Holding on to negative emotions can have a lasting impact on your well-being

MIAMI, Fla. — It turns out the song “Don’t Worry, Be Happy” may be more accurate than people think. Psychologists at the University of Miami say the longer negative emotions linger in the human brain, the worse it is for your mental health.

Suppose you drop your breakfast on the way to work and it splatters all over your clothes. Later that day, a colleague comes up to say hello, not knowing about your rough morning. Do you grumble a reply, still thinking about your lousy day, or greet them politely?

The study finds those holding on to negativity longer in their amygdala may impact their long-term psychological well-being. The amygdala is the almond-shaped structure on both sides of the brain’s cerebrum which evaluates stimuli and supports emotion and memory.

“One way to think about it is the longer your brain holds on to a negative event, or stimuli, the unhappier you report being,” says lead author and Ph.D. candidate Nikki Puccetti in a university release. “Basically, we found that the persistence of a person’s brain in holding on to a negative stimulus is what predicts more negative and less positive daily emotional experiences. That in turn predicts how well they think they’re doing in their life.”

“The majority of human neuroscience research looks at how intensely the brain reacts to negative stimuli, not how long the brain holds on to a stimulus,” adds assistant professor of psychology Aaron Heller. “We looked at the spillover—how the emotional coloring of an event spills over to other things that happen. Understanding the biological mechanisms of that is critically important to understanding the differences in brain function, daily emotions, and well-being.”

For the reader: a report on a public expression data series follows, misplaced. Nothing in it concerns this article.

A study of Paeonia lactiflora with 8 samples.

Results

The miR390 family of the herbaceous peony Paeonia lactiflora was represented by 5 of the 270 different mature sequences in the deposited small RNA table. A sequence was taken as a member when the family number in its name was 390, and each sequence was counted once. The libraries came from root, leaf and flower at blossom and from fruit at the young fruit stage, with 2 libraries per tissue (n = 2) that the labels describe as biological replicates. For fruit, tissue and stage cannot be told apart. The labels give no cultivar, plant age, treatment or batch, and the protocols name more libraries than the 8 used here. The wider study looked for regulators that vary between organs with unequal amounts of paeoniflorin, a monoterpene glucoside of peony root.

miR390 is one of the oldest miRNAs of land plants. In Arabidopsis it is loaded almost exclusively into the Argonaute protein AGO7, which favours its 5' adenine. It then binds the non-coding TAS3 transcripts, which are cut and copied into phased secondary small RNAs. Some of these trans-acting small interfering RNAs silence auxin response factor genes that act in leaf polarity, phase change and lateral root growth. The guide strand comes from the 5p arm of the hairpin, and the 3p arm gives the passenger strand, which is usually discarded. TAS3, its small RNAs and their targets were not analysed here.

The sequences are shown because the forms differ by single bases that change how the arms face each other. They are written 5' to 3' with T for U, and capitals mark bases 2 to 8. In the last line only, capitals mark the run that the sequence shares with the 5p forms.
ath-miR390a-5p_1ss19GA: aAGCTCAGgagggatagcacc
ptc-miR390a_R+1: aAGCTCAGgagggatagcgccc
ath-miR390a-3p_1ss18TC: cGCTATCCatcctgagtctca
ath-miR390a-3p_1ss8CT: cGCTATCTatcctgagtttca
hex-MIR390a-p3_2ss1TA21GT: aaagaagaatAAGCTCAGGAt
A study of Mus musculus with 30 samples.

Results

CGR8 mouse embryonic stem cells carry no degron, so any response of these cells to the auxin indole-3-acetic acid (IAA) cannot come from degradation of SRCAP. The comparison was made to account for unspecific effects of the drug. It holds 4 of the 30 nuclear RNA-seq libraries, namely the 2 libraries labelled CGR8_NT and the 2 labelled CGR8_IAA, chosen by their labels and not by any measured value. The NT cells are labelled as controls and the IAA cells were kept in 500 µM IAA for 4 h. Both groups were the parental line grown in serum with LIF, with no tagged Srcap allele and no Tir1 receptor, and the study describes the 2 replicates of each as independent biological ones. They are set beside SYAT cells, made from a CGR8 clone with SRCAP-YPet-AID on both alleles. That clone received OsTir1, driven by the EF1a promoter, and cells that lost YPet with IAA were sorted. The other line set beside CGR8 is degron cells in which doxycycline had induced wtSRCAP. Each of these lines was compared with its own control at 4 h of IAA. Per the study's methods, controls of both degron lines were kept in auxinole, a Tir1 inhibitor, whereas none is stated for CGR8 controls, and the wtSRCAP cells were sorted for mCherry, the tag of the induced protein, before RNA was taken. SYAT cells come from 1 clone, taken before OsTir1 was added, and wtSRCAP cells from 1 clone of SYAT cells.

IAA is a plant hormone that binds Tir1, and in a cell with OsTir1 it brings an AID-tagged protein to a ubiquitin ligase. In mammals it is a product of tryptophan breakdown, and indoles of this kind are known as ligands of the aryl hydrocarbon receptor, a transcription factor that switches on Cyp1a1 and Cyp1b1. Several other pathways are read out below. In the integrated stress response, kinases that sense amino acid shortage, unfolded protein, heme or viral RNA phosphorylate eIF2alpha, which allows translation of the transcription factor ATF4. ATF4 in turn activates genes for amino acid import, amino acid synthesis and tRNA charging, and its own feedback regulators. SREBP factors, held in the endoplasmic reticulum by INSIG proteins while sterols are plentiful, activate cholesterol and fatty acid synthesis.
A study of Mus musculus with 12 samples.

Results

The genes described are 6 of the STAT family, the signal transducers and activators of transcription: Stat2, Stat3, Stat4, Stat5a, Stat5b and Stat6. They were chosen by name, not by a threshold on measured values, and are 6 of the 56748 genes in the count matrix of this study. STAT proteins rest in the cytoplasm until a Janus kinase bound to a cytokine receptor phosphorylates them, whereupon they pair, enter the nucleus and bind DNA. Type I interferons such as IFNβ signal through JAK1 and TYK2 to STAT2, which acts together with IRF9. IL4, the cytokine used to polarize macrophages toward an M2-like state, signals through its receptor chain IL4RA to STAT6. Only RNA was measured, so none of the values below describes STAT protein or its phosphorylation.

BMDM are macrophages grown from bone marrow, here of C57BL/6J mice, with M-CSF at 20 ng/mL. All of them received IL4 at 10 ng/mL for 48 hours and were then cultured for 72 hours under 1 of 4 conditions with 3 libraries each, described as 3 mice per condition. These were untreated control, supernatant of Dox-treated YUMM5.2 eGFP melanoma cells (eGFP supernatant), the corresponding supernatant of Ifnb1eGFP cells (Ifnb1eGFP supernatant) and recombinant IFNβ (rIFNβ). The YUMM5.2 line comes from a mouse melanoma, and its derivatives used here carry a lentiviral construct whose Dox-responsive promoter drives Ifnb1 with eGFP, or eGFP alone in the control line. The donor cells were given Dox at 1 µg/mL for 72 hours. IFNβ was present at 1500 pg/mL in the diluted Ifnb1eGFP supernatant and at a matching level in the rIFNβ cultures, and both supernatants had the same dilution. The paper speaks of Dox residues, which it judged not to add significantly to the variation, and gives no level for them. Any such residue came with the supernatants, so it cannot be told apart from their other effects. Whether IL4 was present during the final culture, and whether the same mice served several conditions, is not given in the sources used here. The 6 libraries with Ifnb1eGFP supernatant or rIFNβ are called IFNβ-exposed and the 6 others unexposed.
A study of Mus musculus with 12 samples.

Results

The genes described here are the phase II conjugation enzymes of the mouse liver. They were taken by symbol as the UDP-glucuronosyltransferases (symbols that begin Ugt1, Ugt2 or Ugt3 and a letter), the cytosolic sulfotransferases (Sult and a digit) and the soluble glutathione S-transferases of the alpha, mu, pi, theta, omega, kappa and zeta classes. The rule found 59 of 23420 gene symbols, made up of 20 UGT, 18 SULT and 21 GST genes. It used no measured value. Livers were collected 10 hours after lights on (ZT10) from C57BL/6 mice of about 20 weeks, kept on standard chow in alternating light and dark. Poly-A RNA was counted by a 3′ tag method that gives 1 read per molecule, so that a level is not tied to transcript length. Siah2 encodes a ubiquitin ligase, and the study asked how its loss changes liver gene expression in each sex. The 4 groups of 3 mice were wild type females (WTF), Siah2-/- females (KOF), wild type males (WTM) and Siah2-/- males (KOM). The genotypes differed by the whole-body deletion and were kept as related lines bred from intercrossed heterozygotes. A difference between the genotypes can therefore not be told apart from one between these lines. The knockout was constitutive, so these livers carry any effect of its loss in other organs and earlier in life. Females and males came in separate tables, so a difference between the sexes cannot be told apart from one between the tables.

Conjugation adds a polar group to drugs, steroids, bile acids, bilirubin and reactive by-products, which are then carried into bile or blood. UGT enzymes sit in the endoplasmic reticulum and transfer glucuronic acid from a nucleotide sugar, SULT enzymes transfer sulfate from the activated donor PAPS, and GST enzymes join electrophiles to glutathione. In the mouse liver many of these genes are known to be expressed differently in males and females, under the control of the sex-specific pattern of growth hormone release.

Holding a grudge can affect your well-being?

Researchers examined how different reactions to emotional pictures and experiences on a daily basis can affect well-being over time. They theorized that the amygdala plays a key role in this process.

Puccetti and Heller analyzed data on 52 participants from the Midlife in the United States (MIDUS) study. This group completed a questionnaire about their psychological well-being and reported stressful events and positive or negative emotions they experienced in a nightly phone call for a week. Participants also underwent functional magnetic resonance imaging (fMRI) scans to measure brain activity while viewing dozens of images.

Researchers asked the group to rate these 60 positive and 60 negative images, spread out by 60 images of neutral facial reactions. The results of all these tests show that people whose left amygdala holds on to negative stimuli for fewer seconds report more positive emotions in their daily lives. This also spills over into these volunteers displaying a healthier well-being later on. On the other hand, people reacting more persistently to negative images experienced more negative emotions on a daily basis.

“It may be that for individuals with greater amygdala persistence, negative moments may become amplified or prolonged by imbuing unrelated moments that follow with a negative appraisal,” study authors suggest. “This brain-behavior link between left amygdala persistence and daily affect can inform our understanding of more enduring, long-term evaluations of well-being.”

Explaining the triggers for mental health problems

Puccetti believes this link may explain why some people can simply “let it go” when bad things happen to them. For those you can’t, the team hopes to repeat the study with participants who are at high risk for developing depression or anxiety.

“It might be the case that they’re showing even greater persistence and that’s something that can tell us about why they might be more likely to go on to develop a psychiatric disorder,” Puccetti concludes.

The study appears in The Journal of Neuroscience.